A variety of gadgets and projects that will be generally useful at camp. Most of these can be constructed as a matter of course in any camp.
Flag Break should be a daily routine of (any?) camp and as such you may find yourself having to construct your own flag pole. There are many different types you can attempt from the simple everyday 'upright' to the more difficult but much better looking 'skylon' type.
Simple Flag Pole
This simply consists of several long poles lashed firmly together(shear lashing) driven into the ground. You will want to attach guy lines at least to the upper part of the pole to secure it, but preferably at intervals up the height of the pole. Simply stake out with pegs as you would a main guy for a tent.
Ceremonial Flag Pole
This is just a variation on the simple flag pole. On your upright you will need a cross piece (around four fifths of the way up) and a smaller pole that extends outwards at a right angle to the 'cross'. Connect rope as shown in the diagram to complete and peg down with guy lines as before.
Skylon Flag Pole
I must admit that I have not tried this type before. I'm not sure which would be the best way to construct it.
My suggestion is have a go! I certainly will the next opportunity I get.
If anybody has anything that would like to add here or some suggestions regarding this then please contact me.
Flag Pole Hoist
Obviously you will need to add some form of hoist mechanism if you wish to raise and lower your flag. An ideal solution would be a simple pulley system, although a rope running through a loop attached to the top of the flag pole will suffice.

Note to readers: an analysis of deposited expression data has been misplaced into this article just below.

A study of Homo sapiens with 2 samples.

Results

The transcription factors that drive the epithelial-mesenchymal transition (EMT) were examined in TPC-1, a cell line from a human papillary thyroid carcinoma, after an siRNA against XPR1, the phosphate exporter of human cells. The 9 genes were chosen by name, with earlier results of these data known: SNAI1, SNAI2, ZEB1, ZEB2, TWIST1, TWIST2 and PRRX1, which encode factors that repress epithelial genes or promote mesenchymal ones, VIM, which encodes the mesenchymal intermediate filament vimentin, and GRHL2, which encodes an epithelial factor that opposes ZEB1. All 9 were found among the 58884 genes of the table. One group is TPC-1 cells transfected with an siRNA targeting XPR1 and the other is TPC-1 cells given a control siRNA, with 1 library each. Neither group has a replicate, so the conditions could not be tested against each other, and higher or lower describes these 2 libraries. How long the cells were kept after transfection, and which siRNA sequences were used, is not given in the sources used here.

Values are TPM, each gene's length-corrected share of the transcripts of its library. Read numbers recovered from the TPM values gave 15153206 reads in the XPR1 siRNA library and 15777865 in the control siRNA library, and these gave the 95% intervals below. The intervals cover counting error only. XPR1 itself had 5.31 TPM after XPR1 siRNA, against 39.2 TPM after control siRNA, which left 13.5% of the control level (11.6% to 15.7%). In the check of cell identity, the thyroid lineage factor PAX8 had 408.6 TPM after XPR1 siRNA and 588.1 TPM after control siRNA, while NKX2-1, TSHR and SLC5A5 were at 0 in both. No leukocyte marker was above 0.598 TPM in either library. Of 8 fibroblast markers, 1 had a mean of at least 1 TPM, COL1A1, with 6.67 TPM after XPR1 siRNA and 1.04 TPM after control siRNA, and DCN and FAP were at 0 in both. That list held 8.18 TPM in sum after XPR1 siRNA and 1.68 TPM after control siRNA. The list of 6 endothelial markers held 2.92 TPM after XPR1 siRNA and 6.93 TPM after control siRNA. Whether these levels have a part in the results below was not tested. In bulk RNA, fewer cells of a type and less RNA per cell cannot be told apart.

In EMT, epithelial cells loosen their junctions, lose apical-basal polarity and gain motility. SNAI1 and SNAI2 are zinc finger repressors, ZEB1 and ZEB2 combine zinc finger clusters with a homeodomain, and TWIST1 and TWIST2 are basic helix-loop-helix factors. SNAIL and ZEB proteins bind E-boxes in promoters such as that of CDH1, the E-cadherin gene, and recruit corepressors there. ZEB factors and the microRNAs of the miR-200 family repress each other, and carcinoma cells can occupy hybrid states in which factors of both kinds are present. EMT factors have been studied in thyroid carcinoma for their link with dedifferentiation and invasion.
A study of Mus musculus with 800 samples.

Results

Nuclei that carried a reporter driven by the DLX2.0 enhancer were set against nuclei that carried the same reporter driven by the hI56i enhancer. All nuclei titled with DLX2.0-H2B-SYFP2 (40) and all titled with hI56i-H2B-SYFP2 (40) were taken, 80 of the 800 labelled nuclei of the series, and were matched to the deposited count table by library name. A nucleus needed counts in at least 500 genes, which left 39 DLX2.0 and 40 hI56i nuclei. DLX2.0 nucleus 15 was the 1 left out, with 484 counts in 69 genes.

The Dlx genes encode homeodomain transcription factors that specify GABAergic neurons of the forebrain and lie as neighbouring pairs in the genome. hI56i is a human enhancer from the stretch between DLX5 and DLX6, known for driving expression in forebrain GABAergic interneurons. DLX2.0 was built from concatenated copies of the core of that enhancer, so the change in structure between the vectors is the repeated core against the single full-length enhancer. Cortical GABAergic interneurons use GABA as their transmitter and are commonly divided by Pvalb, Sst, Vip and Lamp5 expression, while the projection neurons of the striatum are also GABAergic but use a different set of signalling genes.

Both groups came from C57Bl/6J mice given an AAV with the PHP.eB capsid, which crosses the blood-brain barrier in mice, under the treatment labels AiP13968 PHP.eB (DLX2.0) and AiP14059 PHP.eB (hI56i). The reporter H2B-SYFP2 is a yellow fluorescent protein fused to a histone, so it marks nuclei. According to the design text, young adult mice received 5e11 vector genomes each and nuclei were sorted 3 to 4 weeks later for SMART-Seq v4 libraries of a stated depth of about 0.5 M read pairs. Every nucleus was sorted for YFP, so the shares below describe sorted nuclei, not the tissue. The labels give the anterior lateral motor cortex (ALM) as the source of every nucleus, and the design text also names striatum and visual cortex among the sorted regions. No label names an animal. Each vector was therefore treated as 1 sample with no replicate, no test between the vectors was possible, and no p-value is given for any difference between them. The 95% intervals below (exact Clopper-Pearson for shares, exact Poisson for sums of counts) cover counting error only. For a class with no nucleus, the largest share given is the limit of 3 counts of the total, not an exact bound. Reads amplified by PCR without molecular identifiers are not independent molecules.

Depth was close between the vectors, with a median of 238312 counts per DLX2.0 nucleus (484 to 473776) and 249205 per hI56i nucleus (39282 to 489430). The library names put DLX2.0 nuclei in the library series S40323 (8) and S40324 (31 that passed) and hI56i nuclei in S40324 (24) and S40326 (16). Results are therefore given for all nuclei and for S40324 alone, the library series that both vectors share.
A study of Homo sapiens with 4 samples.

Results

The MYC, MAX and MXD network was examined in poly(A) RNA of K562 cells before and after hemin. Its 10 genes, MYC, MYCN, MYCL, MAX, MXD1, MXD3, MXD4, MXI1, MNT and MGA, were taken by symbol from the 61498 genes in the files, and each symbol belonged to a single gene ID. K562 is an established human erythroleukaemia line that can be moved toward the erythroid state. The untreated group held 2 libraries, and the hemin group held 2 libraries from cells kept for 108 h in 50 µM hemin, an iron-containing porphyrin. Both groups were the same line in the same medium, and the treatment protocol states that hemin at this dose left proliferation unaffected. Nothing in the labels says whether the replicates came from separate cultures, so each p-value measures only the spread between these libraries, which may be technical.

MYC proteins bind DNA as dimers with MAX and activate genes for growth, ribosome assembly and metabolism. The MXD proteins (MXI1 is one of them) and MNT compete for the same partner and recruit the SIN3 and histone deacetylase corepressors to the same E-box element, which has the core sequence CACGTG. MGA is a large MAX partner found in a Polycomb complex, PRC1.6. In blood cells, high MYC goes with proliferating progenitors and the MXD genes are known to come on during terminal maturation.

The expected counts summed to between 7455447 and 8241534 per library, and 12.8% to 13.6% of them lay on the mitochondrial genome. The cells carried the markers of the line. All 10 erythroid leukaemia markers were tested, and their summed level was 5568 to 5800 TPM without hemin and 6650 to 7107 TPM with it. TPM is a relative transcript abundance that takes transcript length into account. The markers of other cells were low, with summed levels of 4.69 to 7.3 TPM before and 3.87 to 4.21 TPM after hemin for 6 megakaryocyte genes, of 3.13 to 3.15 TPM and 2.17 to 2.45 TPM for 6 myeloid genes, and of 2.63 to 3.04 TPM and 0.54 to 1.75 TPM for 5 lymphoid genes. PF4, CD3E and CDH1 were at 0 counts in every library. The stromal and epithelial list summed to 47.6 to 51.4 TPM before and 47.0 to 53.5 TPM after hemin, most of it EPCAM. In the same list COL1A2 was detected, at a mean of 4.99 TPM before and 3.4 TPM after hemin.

This is a candidate for 'Simplest Gadget Ever'. Simple place an upright 'board' in between four pegs driven into the ground. You can now scrap the mud off your shoes and keep the campsite tidy.
The first thing you will need to do is to construct a tall simple 'A' frame (do not bother with the normal cross members but ensure that it has a line to the top so that the frame can be lowered to refill the shower). This will let someone stand underneath the shower easily.
At the top of the frame you will need a short cross piece to which is lashed a bucket. The key point is to fix a tin (with holes pierced in the base) at right angles to the bucket so that when it is tipped over the water flows through the tin forming the shower.
To enable the bucket to tip fix a string to the base of the bucket, passing over the pulley at the top of the frame so that it hangs down. Then the person using the shower can pull the string to tip the bucket and start the shower.
As always be sensible, you will need to construct your shower out of sight, and ideally behind screens.
A wash area can readily be constructed if there are not any suitable facilities to hand. Construct a rectangular 'box' frame with a top board that will form the 'dresser' worktop. You will need to attach a plastic sheet under the top board shaped into a rough funnel shape that slopes down away from the wash area. At the end of this channel you place a 'grease-trap' (see the filter bins in the kitchen gadget section).
A set of duckboards may also be a sensible idea (even in hot weather the area round the washing basin may beome quite muddy, especially if it is a cub camp!). At the back of the washing area you may want to create a rectangular frame that can hold a mirror, towels, soap, and tins (to store the toothbrushes in).